Tariffs on imports are cited as one reason Canadians are paying on average 13 percent more for goods than their American neighbors even as the dollar is about equal with the U.S. currency.
The Senate Finance Committee said while tariffs are just one factor in prices, they are something the government can do something about.
"Canadian consumers are feeling ripped off," said Sen. Joseph Day, who chaired the eight-month study.
Tariffs used to protect domestic businesses brought in $3.6 billion in revenue for the government in the past year and are being reviewed, Finance Minister Jim Flaherty said in calling for the Senate study.
Price differences drive thousands of Canadians to cross the border to shop for groceries, clothing, gas and car parts as well as seek out a larger selection of goods.
Also an issue is the economy of scale with Canada's smaller marketplace, vast distances and higher wages and benefits.
The report noted that a Lexus made in Cambridge, Ontario, sells for $44,950 in Canada but only $40,950 in the United States, including Hawaii. Books are routinely marked up, sometimes by up to 40 percent on some titles.
Travel firm suing over smoking-related delay
Sunwing Vacations plans to sue the David MacNeil family of Cape Breton to recoup up to $50,000 in costs after a disturbance over smoking caused an unscheduled overnight stopover in Bermuda.
When confronted by the crew of a plane en route to the Dominican Republic from Halifax about alleged smoking in the restroom, three family members became verbally abusive.
They were arrested on landing when the plane was diverted to Bermuda. The husband and wife were fined a total of $1,000 for disruptive behavior and failing to obey orders of the flight crew.
The incident caused the Sunwing to put up about 200 passengers in Bermuda hotels, cutting short their vacations. A similar number was forced to wait to return from Punta Canta, spokesman Daryl McWilliams said.
News in brief
• Many schools were closed, flights were canceled, numerous collisions occurred as a fierce winter storm walloped Ontario and Eastern Canada. Ten inches of snow fell in Toronto on Friday, the most since a storm in 2008. The worst of the weather moved into the Maritimes for the weekend, where residents braced for a powerful nor'easter with high winds and snow. It's still balmy out west, with highs in the mid 40s in Vancouver. The same is expected on Monday and Tuesday in Calgary.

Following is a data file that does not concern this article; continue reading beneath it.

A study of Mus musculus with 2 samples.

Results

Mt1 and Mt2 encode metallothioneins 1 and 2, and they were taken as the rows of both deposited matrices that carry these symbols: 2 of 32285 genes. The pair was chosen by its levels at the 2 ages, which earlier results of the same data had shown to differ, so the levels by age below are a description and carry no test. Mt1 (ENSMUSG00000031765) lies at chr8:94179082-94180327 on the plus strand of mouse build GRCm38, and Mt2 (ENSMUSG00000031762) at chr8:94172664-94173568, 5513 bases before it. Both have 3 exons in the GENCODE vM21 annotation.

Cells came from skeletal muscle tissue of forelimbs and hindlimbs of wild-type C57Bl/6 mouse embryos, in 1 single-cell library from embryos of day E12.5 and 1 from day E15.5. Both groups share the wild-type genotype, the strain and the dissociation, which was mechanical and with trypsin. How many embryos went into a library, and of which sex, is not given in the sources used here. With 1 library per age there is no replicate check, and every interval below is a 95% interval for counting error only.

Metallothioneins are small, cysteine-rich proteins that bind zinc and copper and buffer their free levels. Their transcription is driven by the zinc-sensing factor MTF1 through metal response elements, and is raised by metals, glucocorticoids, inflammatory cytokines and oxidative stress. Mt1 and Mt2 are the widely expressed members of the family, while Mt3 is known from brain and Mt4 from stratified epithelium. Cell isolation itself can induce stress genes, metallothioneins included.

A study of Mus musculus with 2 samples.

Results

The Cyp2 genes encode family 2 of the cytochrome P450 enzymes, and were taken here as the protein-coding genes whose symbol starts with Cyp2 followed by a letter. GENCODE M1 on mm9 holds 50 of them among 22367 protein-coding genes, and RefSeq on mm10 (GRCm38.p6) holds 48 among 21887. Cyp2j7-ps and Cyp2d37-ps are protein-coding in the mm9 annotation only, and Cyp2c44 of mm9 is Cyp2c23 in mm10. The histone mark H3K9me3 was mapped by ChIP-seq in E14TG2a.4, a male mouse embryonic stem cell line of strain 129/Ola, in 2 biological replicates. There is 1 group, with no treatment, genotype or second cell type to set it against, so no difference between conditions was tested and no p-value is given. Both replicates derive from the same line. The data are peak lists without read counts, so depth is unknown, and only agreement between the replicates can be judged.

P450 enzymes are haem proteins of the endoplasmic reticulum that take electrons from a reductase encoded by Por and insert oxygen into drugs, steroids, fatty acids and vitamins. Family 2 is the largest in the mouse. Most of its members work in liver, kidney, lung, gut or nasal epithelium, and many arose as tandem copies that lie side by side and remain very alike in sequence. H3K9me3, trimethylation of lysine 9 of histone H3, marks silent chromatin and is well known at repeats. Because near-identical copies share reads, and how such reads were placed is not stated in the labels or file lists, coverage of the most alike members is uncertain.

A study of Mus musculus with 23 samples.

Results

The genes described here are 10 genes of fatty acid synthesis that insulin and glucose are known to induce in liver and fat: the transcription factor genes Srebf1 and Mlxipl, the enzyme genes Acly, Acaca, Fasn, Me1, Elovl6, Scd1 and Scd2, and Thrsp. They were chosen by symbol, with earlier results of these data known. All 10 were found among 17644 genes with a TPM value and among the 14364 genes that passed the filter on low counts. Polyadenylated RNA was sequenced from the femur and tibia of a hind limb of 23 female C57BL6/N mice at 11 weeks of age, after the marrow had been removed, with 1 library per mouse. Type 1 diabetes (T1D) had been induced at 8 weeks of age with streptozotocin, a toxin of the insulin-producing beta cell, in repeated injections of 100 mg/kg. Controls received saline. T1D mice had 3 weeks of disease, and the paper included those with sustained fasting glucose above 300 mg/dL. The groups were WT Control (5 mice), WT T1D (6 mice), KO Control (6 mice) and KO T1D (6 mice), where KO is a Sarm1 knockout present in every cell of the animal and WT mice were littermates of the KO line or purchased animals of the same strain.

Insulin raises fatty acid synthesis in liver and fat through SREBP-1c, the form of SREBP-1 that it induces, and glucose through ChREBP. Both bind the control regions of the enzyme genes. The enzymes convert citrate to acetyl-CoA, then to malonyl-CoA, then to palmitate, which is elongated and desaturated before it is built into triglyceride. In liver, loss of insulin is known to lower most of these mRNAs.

• The 100 days of student protests in Quebec last year over proposed tuition fee increases cost taxpayers about $90 million, a report says. The money was for overtime pay for police and security measures as well as repairs to damaged buildings. More than 2,000 students were arrested in the protests that prompted Jean Charest to resign as premier, with his Liberal party losing the election in September.
• A marijuana possession conviction 32 years ago blocked Myles Wilkinson of Victoria from a fantasy football trip to the Super Bowl in New Orleans. He beat out 4 million competitors to win the trip, but immigration authorities stopped him from entering the United States. Instead of seeing the game and partying in person, the NFL invited him as a guest of honor at a Super Bowl party in Vancouver.
Facts and figures
Canada's dollar dipped by a half-cent to 99.71 cents U.S. on Friday with weaker-than-expected job creation figures. The U.S. greenback returned $1.0029 in Canadian funds.
The economy lost 21,900 jobs last month, while the jobless rate dropped 0.1 percent to 7 percent as more people stopped seeking work, Statistics Canada said.
The Bank of Canada's key interest rate is 1 percent, while the prime-lending rate is 3 percent.
Stock markets are mixed, with the Toronto exchange index up at 12,780 points and the TSX Venture index lower at 1,204 points.